Climate change is affecting nearly every aspect of our marine ecosystems, from thce very water itself to every type of biodiversity; this will continue and magnify over the coming decades and centuries. Historically, marine wildlife has been degraded by overharvesting, bycatch, habitat destruction, pollution and invasive species. Climate change impacts have been underway in our seas for decades, but only recently have they been noticed. The dramatic changes underway due to climate change act in tandem with all the other pressures, and some exacerbate each other. Here we present the top issues in relation to climate change and marine ecosystems.
1) Increasing Sea Temperature:
-Decreasing Ice at the Poles: In September of 2005 the Arctic sea ice extent (area covered) was the least ever recorded by satellites. The Met Office in the UK predicts that by the 2080s, there may be no summer sea ice at all, under the high emissions scenario.
-Huge range shifts have been documented in temperate regions and are associated with a halving of critical plankton biomass in some areas. Extinctions are also predicted.
-Bleaching coral in the tropics: The 1997/98 ENSO bleaching event certainly got everyone’s attention in the tropical reef community. However, since then bleaching is becoming more common place and reefs continue to suffer as a result. In 2005, waters in the Caribbean were hotter for longer than ever before measured by regional monitoring systems. This resulted in dramatic bleaching throughout the region, from Colombia to the Florida Keys. Only this year’s record breaking hurricane activity limited additional bleaching. This bleaching also led to outbreaks of coral disease.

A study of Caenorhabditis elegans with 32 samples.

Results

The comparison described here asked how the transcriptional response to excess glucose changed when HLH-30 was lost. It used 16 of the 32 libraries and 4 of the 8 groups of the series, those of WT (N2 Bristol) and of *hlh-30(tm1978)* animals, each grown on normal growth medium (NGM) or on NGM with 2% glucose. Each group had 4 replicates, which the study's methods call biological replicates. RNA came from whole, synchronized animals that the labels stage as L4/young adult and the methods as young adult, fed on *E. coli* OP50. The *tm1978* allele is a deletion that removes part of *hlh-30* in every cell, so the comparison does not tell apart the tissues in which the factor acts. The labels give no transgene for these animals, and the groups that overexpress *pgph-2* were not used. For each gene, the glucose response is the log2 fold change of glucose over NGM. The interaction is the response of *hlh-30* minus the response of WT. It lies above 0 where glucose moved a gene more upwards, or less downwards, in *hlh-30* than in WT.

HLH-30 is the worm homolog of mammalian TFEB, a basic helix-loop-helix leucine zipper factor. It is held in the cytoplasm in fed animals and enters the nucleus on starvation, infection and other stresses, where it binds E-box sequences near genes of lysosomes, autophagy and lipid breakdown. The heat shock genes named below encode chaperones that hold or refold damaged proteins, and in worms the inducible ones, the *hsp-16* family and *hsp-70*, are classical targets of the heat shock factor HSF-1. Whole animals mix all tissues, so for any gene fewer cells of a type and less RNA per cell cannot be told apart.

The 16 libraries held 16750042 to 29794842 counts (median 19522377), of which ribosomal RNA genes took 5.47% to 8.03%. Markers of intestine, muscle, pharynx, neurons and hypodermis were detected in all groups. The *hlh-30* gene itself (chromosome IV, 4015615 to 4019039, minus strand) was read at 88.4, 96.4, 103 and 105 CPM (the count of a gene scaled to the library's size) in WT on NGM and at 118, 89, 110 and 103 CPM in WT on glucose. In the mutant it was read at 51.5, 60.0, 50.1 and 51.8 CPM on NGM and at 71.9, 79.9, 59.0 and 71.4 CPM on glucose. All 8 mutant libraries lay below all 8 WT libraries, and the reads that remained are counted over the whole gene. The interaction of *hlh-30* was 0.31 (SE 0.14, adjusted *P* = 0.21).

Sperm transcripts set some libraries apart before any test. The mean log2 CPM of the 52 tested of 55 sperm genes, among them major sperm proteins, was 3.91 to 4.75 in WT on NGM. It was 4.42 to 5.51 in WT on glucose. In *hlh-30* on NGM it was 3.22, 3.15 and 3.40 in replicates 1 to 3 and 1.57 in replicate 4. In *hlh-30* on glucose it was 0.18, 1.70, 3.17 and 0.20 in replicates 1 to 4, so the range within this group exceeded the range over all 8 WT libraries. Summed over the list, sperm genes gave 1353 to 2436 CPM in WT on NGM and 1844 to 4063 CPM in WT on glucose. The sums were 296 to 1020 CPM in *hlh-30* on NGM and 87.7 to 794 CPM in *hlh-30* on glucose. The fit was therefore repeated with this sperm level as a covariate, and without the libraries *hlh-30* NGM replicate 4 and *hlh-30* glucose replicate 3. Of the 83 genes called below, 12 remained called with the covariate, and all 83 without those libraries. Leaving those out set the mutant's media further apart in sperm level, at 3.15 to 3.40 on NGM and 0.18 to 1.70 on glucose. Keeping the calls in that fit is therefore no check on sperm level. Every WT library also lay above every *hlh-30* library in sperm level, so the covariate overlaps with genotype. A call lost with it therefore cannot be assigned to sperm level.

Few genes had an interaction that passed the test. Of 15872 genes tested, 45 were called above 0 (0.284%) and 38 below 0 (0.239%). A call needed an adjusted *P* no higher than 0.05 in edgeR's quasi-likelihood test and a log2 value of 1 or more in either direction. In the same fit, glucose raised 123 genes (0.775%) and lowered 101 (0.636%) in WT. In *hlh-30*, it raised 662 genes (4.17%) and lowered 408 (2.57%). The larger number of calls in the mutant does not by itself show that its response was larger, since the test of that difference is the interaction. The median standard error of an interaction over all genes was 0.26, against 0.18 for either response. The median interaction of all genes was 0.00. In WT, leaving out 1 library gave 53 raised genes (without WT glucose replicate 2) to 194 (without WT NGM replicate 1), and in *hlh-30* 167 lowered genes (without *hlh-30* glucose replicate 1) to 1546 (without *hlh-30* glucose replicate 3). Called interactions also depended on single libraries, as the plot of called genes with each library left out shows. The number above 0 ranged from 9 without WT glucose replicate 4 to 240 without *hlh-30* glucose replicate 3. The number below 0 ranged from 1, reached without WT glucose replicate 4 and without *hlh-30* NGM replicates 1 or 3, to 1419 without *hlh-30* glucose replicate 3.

2) Decreasing Marine pH – the other CO2 problem:
Half the world’s industrial CO2 has already dissolved into the oceans and in the past few years the huge buffering capacity of the oceans has been outstripped; consequently, the ocean have become more acidic as CO2 turns into carbonic acid in sea water. By 2050, it is predicted that the seas will be more acidic than at any time in the last 25 million years. This has dramatic implications. Acidic conditions make it more difficult for organisms to form their protective calcium based shells. Particularly vulnerable species include corals and plankton, which form the basis of the world’s entire marine ecosystems. All gill breathing animals may also be affected by increased CO2. Warmer and less productive seas will be less able to absorb CO2, so exacerbating climate change further.
3) Shifting Currents:
Dramatic current changes are linked to climate change, including the thermohaline circulation, or global conveyer belt, which is already thought to be slowing down. There are countless other marine currents which are sensitive to global warming. Such currents run upwelling patterns that exchange nutrients and oxygen and are critical to biodiversity and marine productivity. In the past year several upwelling locations have shutdown as waters warm.
4) Methane Hydrates:
Methane crystals in the marine and coastal environment pose a potentially huge additional contribution to climate change. Methane is 20 times more potent as a greenhouse gas than CO2 and huge reserves exist within our seas and coasts. Releases from marine and coastal reserves could cause abrupt climate changes. Some release of methane from melting coastal permafrost is thought to be underway already.
5) Rising Sea Level:
This means that coastlines change as water levels rise, inundating regions, and in some areas, whole nations and millions of people’s homes and livelihoods will be lost. Elsewhere, changing effects from storm surges and introducing, in some cases, pollutants from coastal industry and waste sites. Habitats and species will face additional challenges. For example, marine turtles will lose more, already limited, nesting beaches. This also means that more of the world is marine, resulting in limited marine conservation funds being stretched further.